Almos Szarka-Kovacs started at FMS in our lower Primary (6-9 Years) after going to another school for Kindergarten.  He chatted about how there was way too much free time in his other school and not a lot to do.  Although he liked all the playing, he was just a little bored and wanted to learn to read.  One of his first memories of visiting FMS was seeing a library full of books in the classroom and he just knew he’d be able to become a reader.  His first teacher at FMS was Anthony Milano followed by Xarifa Gabales.

“I was born in Australia and my parents were born in Hungary.  We’ve returned a few times to stay with my grandparents in Szeged. Once  travelling to Budapest and another time on a long road trip to Italy.  I think the air in the Northern Beaches is much clearer that the air in Budapest.”

When asked about his favourite subjects, his response was very engaging, leading into a discussion about his recent research:

“I love biology and maths.  I’ve also carried out some interesting research recently on the plague doctors and their work during the bubonic plague.  They wore long coats that had been soaked and dried in a fat substance in an attempt to repel the contagious disease.  On their faces they wore a bone mask with a long nose that was filled with rose petals or other fragrances, so they didn’t have to put up with the horrid smells.  The masks were not unlike the room diffusers we have today.  These were the plague doctors own personal diffusers.”

The irony of researching the plague doctors at the time of COVID-19 was not lost on Almos and it led us into a further discussion about the work he carried out in isolation.

“In isolation I really enjoyed studying the mountain land forms and my geometry work. My mum made us work quite hard.  Isolation was good and bad, kind of lonely but I also got a lot of work done.”

With high school as the next step on his educational journey, we talked about what he’s looking forward to.

“Art classes.  I like the art we do at FMS but I’m ready for more specialised work like life drawing, portraits and cartoon techniques.  For the moment, I want a career in animation so art will be important step in being ready for that.’

One thing that’s on his mind is how he’ll get graded at high school:

“I like that FMS doesn’t give us individual grades because it doesn’t make learning scary.  That’s probably one scary thing about high school.  Another thing is missing my FMS friends but I’m also looking forward to making new friends.”

Building students’ independence is a big focus for the teachers at FMS and Almos says that’s one of the factors he really loves.  The independence his teachers give him means that he’s free to really learn and choose the way he shows his understanding of the content he is studying.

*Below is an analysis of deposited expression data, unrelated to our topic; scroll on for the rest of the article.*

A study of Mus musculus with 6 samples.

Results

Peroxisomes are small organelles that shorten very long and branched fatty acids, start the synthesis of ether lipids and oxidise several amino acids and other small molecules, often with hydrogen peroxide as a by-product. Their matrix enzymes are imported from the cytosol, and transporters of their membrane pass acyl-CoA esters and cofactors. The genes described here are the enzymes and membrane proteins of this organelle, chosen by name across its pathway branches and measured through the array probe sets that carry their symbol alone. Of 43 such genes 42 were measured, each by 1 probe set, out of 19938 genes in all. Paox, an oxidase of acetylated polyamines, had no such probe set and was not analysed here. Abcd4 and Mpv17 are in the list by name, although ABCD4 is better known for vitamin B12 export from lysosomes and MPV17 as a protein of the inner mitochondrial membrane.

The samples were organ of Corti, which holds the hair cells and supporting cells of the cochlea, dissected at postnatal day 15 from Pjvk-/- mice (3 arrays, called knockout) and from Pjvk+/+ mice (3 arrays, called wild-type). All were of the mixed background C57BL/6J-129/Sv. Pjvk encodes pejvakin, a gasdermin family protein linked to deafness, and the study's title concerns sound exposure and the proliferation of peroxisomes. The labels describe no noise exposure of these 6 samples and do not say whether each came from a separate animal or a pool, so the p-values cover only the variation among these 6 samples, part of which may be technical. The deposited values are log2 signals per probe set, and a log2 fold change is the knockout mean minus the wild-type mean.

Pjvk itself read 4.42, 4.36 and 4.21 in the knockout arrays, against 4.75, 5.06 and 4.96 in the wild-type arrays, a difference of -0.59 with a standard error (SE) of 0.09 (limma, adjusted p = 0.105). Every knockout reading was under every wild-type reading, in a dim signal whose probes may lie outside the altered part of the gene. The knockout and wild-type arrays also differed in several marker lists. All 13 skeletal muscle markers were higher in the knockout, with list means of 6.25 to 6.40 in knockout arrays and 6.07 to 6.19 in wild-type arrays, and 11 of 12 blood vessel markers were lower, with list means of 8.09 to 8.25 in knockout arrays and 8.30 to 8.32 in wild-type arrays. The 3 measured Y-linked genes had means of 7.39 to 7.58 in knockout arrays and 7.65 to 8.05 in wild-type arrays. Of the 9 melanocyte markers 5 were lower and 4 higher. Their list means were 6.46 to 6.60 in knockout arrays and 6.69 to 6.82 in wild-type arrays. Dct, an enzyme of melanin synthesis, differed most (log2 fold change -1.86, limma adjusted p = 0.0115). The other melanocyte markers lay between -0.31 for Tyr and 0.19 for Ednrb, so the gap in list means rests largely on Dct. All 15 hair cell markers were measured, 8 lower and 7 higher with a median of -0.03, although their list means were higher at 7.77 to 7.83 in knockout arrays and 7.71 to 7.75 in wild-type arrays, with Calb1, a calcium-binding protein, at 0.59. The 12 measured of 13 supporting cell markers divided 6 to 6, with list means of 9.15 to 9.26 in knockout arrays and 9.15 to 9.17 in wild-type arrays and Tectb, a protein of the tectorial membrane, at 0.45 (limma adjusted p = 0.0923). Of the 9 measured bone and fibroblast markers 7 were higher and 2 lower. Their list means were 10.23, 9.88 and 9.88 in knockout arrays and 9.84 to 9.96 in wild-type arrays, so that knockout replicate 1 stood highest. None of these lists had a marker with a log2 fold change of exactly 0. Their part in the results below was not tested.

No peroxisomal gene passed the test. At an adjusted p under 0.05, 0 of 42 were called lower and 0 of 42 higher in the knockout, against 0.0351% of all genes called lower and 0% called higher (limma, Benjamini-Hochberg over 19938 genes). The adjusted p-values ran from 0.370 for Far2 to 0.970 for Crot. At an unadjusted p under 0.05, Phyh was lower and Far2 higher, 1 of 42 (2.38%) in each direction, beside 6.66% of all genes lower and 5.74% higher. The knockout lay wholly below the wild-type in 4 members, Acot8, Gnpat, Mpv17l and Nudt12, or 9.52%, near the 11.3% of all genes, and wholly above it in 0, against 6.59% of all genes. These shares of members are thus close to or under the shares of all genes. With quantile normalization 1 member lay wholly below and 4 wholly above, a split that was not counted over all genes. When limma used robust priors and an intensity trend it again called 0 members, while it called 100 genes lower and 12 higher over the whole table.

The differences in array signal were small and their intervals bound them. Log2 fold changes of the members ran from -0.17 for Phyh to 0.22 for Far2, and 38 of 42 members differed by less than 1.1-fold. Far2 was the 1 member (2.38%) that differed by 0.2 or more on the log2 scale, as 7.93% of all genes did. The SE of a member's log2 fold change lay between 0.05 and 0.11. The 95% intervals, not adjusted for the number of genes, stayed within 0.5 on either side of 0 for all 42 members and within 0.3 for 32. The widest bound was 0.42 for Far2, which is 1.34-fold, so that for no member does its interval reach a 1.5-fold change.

Outside of school and before COVID-19 he was taking Jiu jitzu classes but for now, weekends are highly productive as it’s all hands-on deck helping with home renovations:

“There’s not really much spare time at the moment as I’m helping my parents renovate our house.  My favourite thing so far has been the set up for pouring concrete but my sister, Neste, prefers laying floorboards.  I made $80 last weekend as I earn $10 for every sqm of floor I prepare” 

Neste started FMS with her brother and they now have time learning together in the Upper Primary (9-12 Years) environment.  Almos likes that FMS is a small school and he’s pretty happy with everything.  He’s one of our sports leaders and he really enjoys that role. He does think we need to review our approach to technology:

“It’s time for the 9-12 students to be bringing their own laptops to school so they can get on with more research in a timely way.”

Keen to see how a Montessori education can help your child thrive beyond like Almos? Book a virtual tour today!

Denice Scala

Author Denice Scala

B.A, M.Ed, Dip ED, Dip RSA, Cert. Neuroscience. Principal, Forestville Montessori School. Denice Scala is an executive leader with extensive experience in key strategic roles requiring business transformation and innovation. As a passionate advocate for the power of education to enrich lives, Denice moved from classroom teaching to leadership positions in 1992 and since then has held international in roles in Scotland and Australia as Principal, Head of Junior School, and Head of Learning Support. She has an impressive working knowledge of early learning, primary, middle, and secondary schooling including gifted education and special needs. Her Masters in Gifted Education led her to work extensively to find ways to cater for gifted students. This led to providing professional development opportunities for educators to assist in their understanding of the characteristics of gifted children and the complexities of growing up gifted. Denice’s unparalleled grasp of current educational realities is equally matched by her big picture thinking combined with practical solutions to navigate change.